Monday, July 9, 2012

FIDRAH!: Dominant Dominance



This generation is spoiled with great athletes. If we define "this generation" as, say, 1990 to the present, we will have seen the greatest athletes of all time in basketball, hockey (the last 10 years of Gretzky's career), swimming, and arguably tennis and golf. Though steroids complicates things in baseball, Barry Bonds could very fairly be considered a top 3 player in baseball history. And obviously Tom Brady is the greatest football player to ever live or who will ever live forever and ever. Actually, in terms of football, we have seen some of the greatest quarterbacks of all time in this era (Manning, Favre, Brady, Brees, Marino, Elway, Young and maybe Warner/Aikman are all top-15 QBs), and the greatest wide receiver. This kind of multi-sport all-time greatness has not been witnessed in a similar twenty-five-year period in a long time, and is only rivaled by the era spanning 1955 to 1980 (Nicklaus/Palmer, Laver, Mays/Aaron, Russell, Orr/Howe, Spitz, Ali). And Roger Federer might just be the most dominant athlete of any of these.

The question becomes: how dominant is dominance? I think it is safe to say that Federer is more dominant than anyone in team sports; any individual sports player's dominance is inherently more dominant than a dominant team sports player's dominance.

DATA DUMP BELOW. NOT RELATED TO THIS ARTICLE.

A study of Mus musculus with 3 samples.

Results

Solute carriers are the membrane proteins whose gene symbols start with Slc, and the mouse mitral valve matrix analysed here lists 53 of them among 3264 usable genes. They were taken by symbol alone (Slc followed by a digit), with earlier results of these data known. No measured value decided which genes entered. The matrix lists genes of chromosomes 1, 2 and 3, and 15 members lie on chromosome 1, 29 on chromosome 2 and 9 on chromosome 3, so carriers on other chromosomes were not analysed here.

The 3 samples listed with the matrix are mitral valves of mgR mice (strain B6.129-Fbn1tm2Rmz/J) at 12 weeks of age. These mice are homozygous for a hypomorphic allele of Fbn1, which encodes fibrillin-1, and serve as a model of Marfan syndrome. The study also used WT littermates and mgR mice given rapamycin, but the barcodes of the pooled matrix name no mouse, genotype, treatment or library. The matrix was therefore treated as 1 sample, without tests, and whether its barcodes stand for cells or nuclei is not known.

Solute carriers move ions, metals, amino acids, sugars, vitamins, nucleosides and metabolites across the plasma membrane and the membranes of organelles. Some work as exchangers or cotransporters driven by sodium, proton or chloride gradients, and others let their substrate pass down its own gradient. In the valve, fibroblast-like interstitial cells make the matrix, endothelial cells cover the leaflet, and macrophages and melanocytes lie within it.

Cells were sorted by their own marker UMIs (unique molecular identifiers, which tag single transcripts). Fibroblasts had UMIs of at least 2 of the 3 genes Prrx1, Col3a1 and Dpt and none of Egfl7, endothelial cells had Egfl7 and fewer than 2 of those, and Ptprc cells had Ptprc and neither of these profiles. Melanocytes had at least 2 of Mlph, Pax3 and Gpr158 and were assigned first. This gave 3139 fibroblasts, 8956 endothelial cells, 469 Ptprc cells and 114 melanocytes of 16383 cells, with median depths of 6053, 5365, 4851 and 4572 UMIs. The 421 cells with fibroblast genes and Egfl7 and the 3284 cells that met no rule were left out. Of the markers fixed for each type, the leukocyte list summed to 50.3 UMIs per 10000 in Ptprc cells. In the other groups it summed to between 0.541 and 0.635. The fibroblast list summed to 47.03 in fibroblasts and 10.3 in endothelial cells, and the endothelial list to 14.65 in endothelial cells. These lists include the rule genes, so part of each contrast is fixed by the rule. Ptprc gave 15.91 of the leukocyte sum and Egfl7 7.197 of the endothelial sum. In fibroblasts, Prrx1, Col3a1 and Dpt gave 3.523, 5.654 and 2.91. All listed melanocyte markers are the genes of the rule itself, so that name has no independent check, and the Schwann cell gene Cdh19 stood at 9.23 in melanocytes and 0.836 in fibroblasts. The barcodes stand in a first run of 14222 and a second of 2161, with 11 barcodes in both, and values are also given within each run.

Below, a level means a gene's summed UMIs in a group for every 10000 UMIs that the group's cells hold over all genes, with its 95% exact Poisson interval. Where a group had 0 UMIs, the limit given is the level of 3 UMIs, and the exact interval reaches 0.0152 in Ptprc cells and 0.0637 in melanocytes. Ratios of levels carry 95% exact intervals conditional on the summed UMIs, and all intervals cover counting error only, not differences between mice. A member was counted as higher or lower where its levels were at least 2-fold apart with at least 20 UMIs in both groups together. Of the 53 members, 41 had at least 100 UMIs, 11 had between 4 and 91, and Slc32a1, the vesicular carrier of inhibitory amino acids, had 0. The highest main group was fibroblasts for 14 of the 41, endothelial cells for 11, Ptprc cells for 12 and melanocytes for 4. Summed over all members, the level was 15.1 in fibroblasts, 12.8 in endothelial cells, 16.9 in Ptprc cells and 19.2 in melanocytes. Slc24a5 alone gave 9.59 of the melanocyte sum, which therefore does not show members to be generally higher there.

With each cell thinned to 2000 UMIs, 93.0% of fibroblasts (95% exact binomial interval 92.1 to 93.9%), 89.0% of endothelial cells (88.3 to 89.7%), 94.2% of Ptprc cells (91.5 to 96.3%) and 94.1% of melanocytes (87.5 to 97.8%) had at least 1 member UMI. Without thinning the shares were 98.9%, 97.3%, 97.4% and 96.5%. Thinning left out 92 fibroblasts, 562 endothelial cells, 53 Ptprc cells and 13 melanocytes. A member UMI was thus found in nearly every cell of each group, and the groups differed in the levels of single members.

Federer's dominance is one of the most dominant dominances. I would argue that his dominance is more dominant than Michael Phelps's dominance, because Phelps only really competes on the biggest stage once every four years, whereas Federer does it four times every year. The only person whose dominance might be more dominant than Federer's dominance is Tiger Woods. Woods has 14 major victories to Federer's 17, but Woods had to beat everybody in the field in order to win his majors. Federer only had to beat the one person in front of him over and over. For instance, Federer did not have to play World #2 Rafael Nadal because Nadal was bounced in the second round. For Federer's dominance to equal Woods's dominance, he would have to play better than Djokovic, Nadal, Murray, Tsonga, Ferrer, and every other player in the tournament. He does do this in a way, but not quite as dramatically as Woods does it when he wins a tournament. Woods having played better than the rest of the world's greatest golfers 14 times in his career is truly astonishing, and I see that dominance as a bit more dominant than Federer's dominance. Woods, however, at age 36, has already been playing golf professionally for 16 years, and there's no reason he can't compete at the highest level for another 10. Federer should not be competing for Grand Slam victories anymore, but he is. He's dominating Father Time, which is perhaps the most dominant dominance.

Roger has long been one of my favorites, and I'm still in awe of just how dominant his dominance is. He's on top of the world when he should be slowing down and thinking about the senior circuit. I'll miss him when he's gone, but until then, I think he'll dominate for a while longer.

P.S. This all applies to Serena Williams also.